In 10 seconds? The quality of sleep and mental health disorders are interrelated, researchers have found. The results highlight the need to consider sleep as a factor when focusing on mental health, regardless of the diagnosis.
What makes this research different than prior studies? The researchers conducted a large-scale population study using data collected from wrist-worn accelerometers. These were used to determine ten different measures of sleep quality. By using this technology, they were able to collect sleep data from 89,000 participants in their natural home environment during the week, including daytime naps. Normally such studies are run in a sleep lab for a night, which limits sample size and may not reflect how one sleeps in their own bed.
So, what did the findings reveal? Sleep disturbance often happens in parallel (i.e. ‘comorbid') with mental health disorders. What this study shows is how ever-present this comorbidity is, regardless of the diagnosis. And, just as mental health problems lead to sleeping difficulties, poor sleep can impact one’s mental health. The good news is that sleep patterns can be improved using non-invasive techniques such as Cognitive Behavioral Therapy (CBT), a style of therapy that works to change an individual’s mindset and replace problem behaviors with healthy ones, making sleep a promising target for treatment regardless of the disorder.
Did they just collect sleep data? No, the researchers also compared the genotypes (the genetic makeup) of the participants with known “polygenic risk scores” or genetic markers that indicate if the individual is at higher risk of developing a particular disorder. They also made use of self-reported sleep quality questionnaire data, which was taken before the accelerometer study. This data, as well as the accelerometer data, was taken from the UK Biobank, which is a databank with extensive data from a half-million participants in the UK.
How does sleep affect mental health? As noted before, the relationship between sleep and mental health is “give and take.” This relationship extends beyond those with diagnosed mental health disorders. For example, moderate to high-stress levels and depressive symptoms were associated with sleep disturbances and excessive daytime sleepiness in college students.
The primary system through which sleep affects mental health is the hypothalamic-pituitary-adrenal (HPA) axis, which maintains balance within the body, including the body’s response to stress. The major pathway by which sleep affects mental health is via inflammation.
Inflammation? How come? The balance sought by the HPA axis is provided in part by the sleep cycle via the immune system. Sleep loss triggers the acute phase response of the immune system, the same response the body has to injury or infection. This response includes the release of chemicals that promote inflammation.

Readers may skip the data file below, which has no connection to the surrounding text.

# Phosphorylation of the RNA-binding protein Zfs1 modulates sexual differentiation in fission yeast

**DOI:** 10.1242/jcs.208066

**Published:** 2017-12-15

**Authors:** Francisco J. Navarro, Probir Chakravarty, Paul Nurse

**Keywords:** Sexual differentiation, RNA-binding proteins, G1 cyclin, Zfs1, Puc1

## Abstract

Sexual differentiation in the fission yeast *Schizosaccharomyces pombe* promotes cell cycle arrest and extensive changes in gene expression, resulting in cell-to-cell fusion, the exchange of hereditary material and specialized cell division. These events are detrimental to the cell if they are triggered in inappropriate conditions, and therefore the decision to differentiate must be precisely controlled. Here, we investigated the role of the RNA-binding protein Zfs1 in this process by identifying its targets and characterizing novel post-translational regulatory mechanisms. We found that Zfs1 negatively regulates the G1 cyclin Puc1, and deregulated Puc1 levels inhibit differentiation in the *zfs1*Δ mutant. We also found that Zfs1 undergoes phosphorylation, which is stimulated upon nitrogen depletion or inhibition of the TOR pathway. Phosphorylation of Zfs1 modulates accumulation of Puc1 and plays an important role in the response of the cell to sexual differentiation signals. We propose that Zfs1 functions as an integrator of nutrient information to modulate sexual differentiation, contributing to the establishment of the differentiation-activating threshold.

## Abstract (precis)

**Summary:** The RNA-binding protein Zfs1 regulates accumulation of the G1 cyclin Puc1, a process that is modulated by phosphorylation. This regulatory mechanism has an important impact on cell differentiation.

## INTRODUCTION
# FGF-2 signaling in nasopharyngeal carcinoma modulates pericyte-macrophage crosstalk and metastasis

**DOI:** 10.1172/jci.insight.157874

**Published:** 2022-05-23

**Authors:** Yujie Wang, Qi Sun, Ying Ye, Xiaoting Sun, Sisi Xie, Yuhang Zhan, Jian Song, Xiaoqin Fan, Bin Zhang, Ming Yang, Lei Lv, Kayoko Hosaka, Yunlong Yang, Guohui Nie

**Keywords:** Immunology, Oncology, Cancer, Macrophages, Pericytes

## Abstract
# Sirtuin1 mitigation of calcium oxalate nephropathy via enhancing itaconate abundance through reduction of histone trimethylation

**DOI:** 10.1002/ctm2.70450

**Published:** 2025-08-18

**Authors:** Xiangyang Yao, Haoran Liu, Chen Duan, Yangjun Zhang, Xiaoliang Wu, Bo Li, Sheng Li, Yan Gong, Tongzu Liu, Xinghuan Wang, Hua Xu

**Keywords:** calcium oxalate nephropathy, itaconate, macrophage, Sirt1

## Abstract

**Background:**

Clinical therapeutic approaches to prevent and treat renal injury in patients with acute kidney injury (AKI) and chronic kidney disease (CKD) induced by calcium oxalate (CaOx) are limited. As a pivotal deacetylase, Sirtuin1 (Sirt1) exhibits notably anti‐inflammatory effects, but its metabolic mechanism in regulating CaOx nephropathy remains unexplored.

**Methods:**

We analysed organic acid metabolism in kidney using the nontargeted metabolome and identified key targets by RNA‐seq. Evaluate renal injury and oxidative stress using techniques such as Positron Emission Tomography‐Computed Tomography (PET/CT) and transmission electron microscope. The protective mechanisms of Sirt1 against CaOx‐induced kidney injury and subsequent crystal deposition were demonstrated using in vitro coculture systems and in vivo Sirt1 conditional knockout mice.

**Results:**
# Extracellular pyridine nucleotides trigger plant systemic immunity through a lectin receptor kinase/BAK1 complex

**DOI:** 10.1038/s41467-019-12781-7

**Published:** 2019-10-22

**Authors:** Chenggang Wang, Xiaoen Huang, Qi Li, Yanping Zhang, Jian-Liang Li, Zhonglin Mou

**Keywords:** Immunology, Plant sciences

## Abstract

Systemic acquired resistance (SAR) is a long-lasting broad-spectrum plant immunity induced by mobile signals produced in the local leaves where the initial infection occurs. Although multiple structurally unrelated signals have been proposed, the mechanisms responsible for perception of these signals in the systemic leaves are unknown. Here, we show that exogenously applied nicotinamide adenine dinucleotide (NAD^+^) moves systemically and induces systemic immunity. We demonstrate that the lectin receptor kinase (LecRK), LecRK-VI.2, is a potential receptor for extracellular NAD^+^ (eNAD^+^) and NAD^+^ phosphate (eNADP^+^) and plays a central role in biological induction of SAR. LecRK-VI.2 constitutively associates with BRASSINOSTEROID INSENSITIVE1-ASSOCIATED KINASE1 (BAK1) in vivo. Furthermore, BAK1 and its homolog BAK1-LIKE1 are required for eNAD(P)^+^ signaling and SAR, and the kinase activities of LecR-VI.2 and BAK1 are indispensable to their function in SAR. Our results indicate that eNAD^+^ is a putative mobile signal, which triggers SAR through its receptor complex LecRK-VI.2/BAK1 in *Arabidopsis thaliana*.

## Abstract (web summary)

Does inflammation affect one’s psychological state? Yes, and it can be linked to depression. How? The inflammatory response includes the release of cytokines - chemicals used by the immune system that transmit signals to other cells (yes, they play a major role in severe COVID-19 too). Researchers studied the effects of cytokines in animals, followed by the comorbidity between chronic inflammatory-related diseases and depression. They then looked at the levels of inflammation in depressed individuals and have established a connection between inflammation levels and depression. Moreover, sleep-disordered breathing has been seen at higher numbers in children that have symptoms of attention deficit hyperactivity disorder (ADHD). Treatment, however, can reduce the severity of symptoms.
What’s the impact of sleep deprivation on society? In the US, the CDC declared it a 'public health problem' and, a study for the defense-linked Rand Corporation think tank found that the US economy loses $411 annually – or 2.28% of GDP – due to poor sleep. For Japan, the hit is even bigger, to the tune of 2.92% of GDP, and other major economies, such as the UK, Canada, and Germany are also impacted.
So, what can we do? We can facilitate positive change in our quality of sleep by establishing good sleep hygiene. These measures can be simple, avoiding screens before bed, or more involved, such as participating in CBT for insomnia. According to the Rand study, if sleep-deprived people managed to sleep between 6-7 hours a night, they would reduce their mortality risk from 13% to 7%, while the US economy would generate an extra $226 billion a year.
What about people that haven’t been diagnosed with a mental health disorder?
The negative effects of poor sleep quality aren’t limited to those with mental health problems.
Obstructive sleep apnea is a disorder that results in episodes where one stops breathing temporarily while sleeping.
People with this problem can experience a rise in inflammation, which may decrease their ability to think clearly.
This is only one example of how a sleep problem that affects about 22% of men and 17% of women can cause mental impairment.
Therefore, regardless of whether or not one is managing a mental health problem, sleep has a significant impact on mental health.
Jocelyn has curated 10 research papers saving you 35 hours of reading time with an evidence score of 3.66 out or 5
The Science Integrity Check of this 3-min Science Digest was performed by Michael Eze.